LOS ANGELES (CBSLA) – In his annual state of the city address Monday night, Los Angeles Mayor Eric Garcetti proposed a budgetary plan in the next fiscal year that would see nearly $1 billion go towards battling the ongoing homeless crisis.

FILE — A homeless encampment is seen along a freeway in the Hollywood area on Nov. 23, 2020. (Getty Images)

During his address, Garcetti noted that the city spent a mere $10 million on homelessness when he became mayor in 2013.

READ MORE: Venice Handball Courts Cleared Of Homeless Encampment After Major Complaints

“There’s real hope on the horizon in our fight against homelessness, but our justice budget won’t wait for the cavalry to arrive,” Garcetti said. “We are putting our money where our heart is.”

Garcetti’s budget recommendation for the upcoming 2021-22 fiscal year includes $791 million in new money to take on homelessness, with another $160 million of unspent money from the last fiscal year, leading to a grand total of $951 million, according to a report from the Los Angeles Times.

Also Monday, L.A. County’s chief executive officer unveiled her recommended 2021-22 budget, which would allocate $426.7 million towards fighting homelessness. That budget will go before the L.A. County Board of Supervisors Tuesday.

The urgency of addressing the Southland’s homeless crisis has been heightened by the struggles brought on by the coronavirus pandemic. On social media, people are posting videos of confrontations in and around encampments throughout the city, including in Venice where the unhoused population appears to be growing.

“The mayor’s a brilliant orator,” Rev. Andy Bales, CEO of Union Rescue Mission, said. “He covered a lot of subjects, but I felt the time on homelessness was not sufficient for the level of disaster that we’re in.”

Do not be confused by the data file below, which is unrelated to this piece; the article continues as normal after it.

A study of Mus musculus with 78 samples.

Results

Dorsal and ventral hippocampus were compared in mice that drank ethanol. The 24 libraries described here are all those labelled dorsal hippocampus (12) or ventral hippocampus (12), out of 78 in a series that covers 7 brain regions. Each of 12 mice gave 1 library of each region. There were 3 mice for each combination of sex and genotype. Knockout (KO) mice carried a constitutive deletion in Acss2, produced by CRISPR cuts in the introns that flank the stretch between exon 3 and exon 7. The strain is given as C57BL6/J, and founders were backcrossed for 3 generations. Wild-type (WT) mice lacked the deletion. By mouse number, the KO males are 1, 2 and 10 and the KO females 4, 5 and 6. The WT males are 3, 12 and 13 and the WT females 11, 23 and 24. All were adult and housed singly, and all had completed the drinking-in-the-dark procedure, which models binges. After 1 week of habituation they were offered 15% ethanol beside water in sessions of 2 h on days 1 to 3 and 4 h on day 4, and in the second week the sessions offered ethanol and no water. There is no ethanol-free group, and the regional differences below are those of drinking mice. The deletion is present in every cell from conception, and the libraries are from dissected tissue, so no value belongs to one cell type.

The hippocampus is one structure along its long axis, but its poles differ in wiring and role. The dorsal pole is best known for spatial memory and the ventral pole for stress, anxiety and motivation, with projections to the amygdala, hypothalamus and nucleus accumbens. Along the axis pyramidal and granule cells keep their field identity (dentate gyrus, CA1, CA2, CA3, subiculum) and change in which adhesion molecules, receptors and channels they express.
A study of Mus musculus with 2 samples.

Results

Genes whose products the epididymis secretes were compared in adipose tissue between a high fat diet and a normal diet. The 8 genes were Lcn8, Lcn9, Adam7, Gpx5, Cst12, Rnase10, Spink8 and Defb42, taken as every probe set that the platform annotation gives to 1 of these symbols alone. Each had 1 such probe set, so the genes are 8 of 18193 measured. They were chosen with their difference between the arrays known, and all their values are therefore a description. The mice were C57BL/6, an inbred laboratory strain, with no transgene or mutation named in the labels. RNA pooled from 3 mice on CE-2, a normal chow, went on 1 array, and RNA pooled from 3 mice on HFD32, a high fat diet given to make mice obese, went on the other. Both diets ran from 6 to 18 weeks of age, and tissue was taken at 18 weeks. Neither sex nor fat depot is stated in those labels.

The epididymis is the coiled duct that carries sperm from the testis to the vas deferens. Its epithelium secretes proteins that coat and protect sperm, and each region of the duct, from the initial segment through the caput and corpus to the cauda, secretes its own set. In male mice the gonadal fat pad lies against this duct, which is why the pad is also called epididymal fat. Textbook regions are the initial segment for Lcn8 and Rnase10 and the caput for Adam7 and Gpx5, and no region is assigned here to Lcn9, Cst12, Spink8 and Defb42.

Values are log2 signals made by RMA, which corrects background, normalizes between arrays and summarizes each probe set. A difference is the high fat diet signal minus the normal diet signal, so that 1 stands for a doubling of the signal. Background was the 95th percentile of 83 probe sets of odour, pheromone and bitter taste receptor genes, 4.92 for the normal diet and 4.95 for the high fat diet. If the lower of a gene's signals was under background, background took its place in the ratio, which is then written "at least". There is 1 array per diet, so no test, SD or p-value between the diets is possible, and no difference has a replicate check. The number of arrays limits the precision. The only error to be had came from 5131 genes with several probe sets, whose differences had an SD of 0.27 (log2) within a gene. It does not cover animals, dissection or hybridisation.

“We have to move away from this slow-to-develop, very expensive units,” Bales said. “This plan to spend a huge amount of money per person is going to cause thousands upon thousands of people to die on the streets. And, in these very expensive units, alcohol and drugs have been flowing freely and, in my opinion, we need to move back to a more recovery model.”

In late March, dozens of people were arrested during protests against the removal of a large-scale homeless encampment at Echo Park Lake and the park’s indefinite closure to clean up an estimated $500,000 in damage.

Last week, residents in Reseda expressed their anger over a community of about 50 tiny homes which are being built in their neighborhood to house the homeless.

Earlier this month, an L.A. city councilman asked the city to examine whether it can install temporary housing for the homeless in several coastal communities, including Pacific Palisades and Venice. Nearly 15,000 people have signed a petition opposing the idea.

The 2020 Greater L.A. Homeless Count — which was conducted last January, prior to the pandemic — recorded 66,433 people living on the streets of L.A. County, a staggering 12.7% increase from the year before.

The full State of the City address can be watched on Twitter.